A Light in the Wind
When I was nine years old, my family moved from our small community in the St. Louis area to a small, blue collar suburb in Iowa. My dad was a traveling paint salesman, my mom a secretary, and moving every year or so was an adventure I thought everyone did back then. Iowa sounded exotic and wonderful, and I’d listened with excitement as my parents told us about its corn fields and bean fields and winter snows that drifted above the roof lines.
In the chill of December, we packed up our little house at 282 Dandridge, where I’d learned to spit while playing whiffle ball with the neighbor boys, and where my best friend Kelly Radetic and I spent hours playing Chutes and Ladders on her front porch.
My dad drove the moving truck past the community pool where everyone went on hot summer days, and along the curved sidewalk where Jimmy Gill had given me a harrowing ride home from school the day before — the two of us doubled up on his Huffy, his feet on the pedals and mine held out wide as we both laughed and pretended not to be scared. We went past our school, where my teacher, Mrs. Thomasson, a round, grandmotherly woman with a smile as warm as cider, encouraged me to write and let me read my poetry aloud to the class on Thursdays.
I would miss these moments and places for years.
When we arrived at our new house in Altoona, Iowa, my heart sank. As much as I wanted to like it, gone were the hills of southeast Missouri where houses and horse barns were nestled among maples and oaks. Gone were the thick woods where toads and box turtles were waiting to be discovered, and where brambles of blackberries grew juicy and wild.
I peered brokenheartedly out my new bedroom window at bald dirt and bare roadway, and a few houses shut tight against the cold. Icy winds gathered speed across the plain that was our neighborhood. Our yard was just one of dozens of staked squares; other houses had yet to be constructed. Corn cobs — remnants of the land’s use just a year or so before — were still on the ground under a fine dusting of blowing of snow.
We had moved to what surely was the single most miserable place on earth.
The next day, I smiled with my usual small town Missouri cheer as I stepped nervously into my third grade classroom. Ms. Thorpe (I’m pretty sure no one ever married her) was my assigned teacher, and she frowned as she cleared a spare desk from the corner of the room. My arrival interrupted a lesson, and it was not a welcome intrusion. No one smiled back at me. I sat down in my chair and wriggled self-consciously as tears welled in my eyes.
On the playground that day, I met Tina. I’d never known anyone named Tina before, and I remember thinking about her name, rolling it over and over in my mind as I tried to match the syllables and letters to the tall, friendly girl with reddish brown hair who could spin all the way around on the cold monkey bars. She giggled when I said certain words and phrases I’d grown up with, and she asked me if I was from Texas. When I boarded Bus 13 at the end of the day, she’d saved a seat for me.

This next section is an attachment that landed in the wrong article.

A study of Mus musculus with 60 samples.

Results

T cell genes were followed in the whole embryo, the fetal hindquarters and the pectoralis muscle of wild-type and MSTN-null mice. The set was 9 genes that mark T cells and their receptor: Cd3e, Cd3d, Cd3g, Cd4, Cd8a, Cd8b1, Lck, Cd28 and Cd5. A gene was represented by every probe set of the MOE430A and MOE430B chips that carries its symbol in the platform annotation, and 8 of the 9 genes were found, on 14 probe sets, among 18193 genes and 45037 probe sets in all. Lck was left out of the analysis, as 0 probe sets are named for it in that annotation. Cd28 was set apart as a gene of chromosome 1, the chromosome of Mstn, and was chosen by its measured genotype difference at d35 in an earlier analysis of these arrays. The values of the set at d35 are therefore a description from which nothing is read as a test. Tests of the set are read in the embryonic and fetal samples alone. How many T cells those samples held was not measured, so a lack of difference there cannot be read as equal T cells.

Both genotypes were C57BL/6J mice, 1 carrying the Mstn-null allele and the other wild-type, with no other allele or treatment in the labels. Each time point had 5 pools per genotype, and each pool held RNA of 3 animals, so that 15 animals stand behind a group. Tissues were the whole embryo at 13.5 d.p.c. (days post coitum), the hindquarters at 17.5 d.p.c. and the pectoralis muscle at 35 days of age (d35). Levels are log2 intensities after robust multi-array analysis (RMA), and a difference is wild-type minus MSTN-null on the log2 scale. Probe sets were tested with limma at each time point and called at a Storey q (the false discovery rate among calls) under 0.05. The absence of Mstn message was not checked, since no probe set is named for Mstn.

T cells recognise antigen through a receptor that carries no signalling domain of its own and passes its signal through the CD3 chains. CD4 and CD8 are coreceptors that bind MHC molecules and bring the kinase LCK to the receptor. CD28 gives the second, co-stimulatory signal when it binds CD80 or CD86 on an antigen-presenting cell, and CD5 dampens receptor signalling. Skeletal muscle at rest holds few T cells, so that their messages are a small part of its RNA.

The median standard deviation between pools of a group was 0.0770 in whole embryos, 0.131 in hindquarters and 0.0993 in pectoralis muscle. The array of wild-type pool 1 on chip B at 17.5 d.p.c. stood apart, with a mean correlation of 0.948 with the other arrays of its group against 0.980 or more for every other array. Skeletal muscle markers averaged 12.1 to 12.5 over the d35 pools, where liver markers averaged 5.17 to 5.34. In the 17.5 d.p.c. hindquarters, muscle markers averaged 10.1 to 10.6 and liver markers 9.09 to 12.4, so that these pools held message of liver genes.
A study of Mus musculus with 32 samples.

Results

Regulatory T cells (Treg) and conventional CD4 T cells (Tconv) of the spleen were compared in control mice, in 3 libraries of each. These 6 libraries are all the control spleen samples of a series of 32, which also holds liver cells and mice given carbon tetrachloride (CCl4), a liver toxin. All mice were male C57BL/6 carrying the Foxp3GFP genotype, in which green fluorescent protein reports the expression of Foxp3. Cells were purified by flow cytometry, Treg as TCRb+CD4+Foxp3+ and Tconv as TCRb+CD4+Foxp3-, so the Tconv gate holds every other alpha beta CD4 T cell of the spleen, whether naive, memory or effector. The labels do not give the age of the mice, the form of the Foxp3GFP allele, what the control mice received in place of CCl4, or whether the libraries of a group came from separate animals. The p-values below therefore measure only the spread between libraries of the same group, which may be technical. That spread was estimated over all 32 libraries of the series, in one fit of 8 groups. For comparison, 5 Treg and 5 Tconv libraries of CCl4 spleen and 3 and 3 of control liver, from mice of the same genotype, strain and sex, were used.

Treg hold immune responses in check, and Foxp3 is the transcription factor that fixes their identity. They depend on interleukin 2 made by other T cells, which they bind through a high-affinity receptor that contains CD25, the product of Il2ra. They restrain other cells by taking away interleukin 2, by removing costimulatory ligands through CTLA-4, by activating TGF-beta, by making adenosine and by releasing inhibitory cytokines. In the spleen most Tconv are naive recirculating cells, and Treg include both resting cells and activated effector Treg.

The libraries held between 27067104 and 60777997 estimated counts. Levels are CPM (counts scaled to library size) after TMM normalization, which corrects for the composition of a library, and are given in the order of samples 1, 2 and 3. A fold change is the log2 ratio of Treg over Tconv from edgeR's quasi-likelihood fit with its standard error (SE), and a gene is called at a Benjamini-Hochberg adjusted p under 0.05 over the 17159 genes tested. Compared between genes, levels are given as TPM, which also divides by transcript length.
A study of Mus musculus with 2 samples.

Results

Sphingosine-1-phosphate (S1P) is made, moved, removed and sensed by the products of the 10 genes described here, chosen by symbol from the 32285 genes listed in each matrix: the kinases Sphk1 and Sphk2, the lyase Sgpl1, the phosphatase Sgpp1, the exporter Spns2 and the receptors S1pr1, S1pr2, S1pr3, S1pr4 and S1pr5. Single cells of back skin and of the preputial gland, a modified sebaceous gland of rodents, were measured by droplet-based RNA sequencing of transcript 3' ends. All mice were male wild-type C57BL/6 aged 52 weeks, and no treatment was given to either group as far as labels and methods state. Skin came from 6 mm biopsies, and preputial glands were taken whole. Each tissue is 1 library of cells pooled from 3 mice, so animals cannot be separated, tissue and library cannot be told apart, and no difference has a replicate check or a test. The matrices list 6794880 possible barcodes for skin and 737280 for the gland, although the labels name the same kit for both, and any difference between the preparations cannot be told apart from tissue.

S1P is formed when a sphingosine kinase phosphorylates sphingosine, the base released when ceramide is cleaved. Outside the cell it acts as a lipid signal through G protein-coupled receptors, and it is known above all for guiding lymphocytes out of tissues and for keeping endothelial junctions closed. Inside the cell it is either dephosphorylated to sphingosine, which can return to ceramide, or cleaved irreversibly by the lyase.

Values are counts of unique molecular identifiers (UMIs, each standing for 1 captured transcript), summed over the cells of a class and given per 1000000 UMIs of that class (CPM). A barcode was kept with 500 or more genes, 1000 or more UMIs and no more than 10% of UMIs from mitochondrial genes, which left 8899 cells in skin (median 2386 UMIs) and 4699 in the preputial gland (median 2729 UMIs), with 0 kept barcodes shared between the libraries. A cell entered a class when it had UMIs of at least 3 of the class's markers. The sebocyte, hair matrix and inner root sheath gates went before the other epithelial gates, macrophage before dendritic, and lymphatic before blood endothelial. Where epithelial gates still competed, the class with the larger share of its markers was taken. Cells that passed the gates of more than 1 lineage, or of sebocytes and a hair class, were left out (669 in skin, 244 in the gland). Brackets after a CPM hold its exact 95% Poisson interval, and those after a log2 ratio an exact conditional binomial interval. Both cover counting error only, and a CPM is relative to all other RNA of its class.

Over the next years, we grew taller in that bus seat together as we grew out of our pigtails, and our conversation topics changed from stuffed animals and TV shows to clothes and boys. We shared our deepest secrets, some of our most difficult growing-up moments (and there were some). She didn’t hold it against me when softball took over my life in the summertime, and I didn’t hold it against her that she had a crush on my brother (of all the people in the world she could have picked). During those years, she was the one friend in the world I knew I could trust completely.
Iowa was never home to me, although we stayed in that house in Altoona for nearly seven years — the longest we lived anywhere when I was growing up. Elementary school gave way to junior high. Our lives changed, and we went different directions. Tina moved to Kansas City. I moved to another Iowa town. Life happened, and we each took separate paths.
Childhood is full of lessons. The moments we share with others along the way mold and shape us to be victims or to be resilient; to be achievers or to be dependent; to be compassionate to others or to build walls of fear, hate, and anger.
The kindness of a friend can mean all the difference, and the kindness a little brown-haired girl showed to me more than 30 years ago still puts a smile on my face. Regardless of what we learn in English class, friendship is a verb; it’s connecting with and loving another person, solely because they make you smile.
There are some people whose very presence in our lives is a gift. They teach us how to be better human beings, not because of what they say or do, but because of who they are. They accept us as we are, and aren’t afraid to tell us when we’re not living our own truth. And, if we’re lucky, we can be a gift to them, too, when they feel lost in the world.
Today, Tina and I are friends once again, and although we’d lost touch for decades, some things never change. I’ll always be grateful for that day on the playground when she let her light shine, and I’m thankful for the opportunities we’ve had to connect and to lift each other up through the years. When it comes down to it, that’s what this life is for.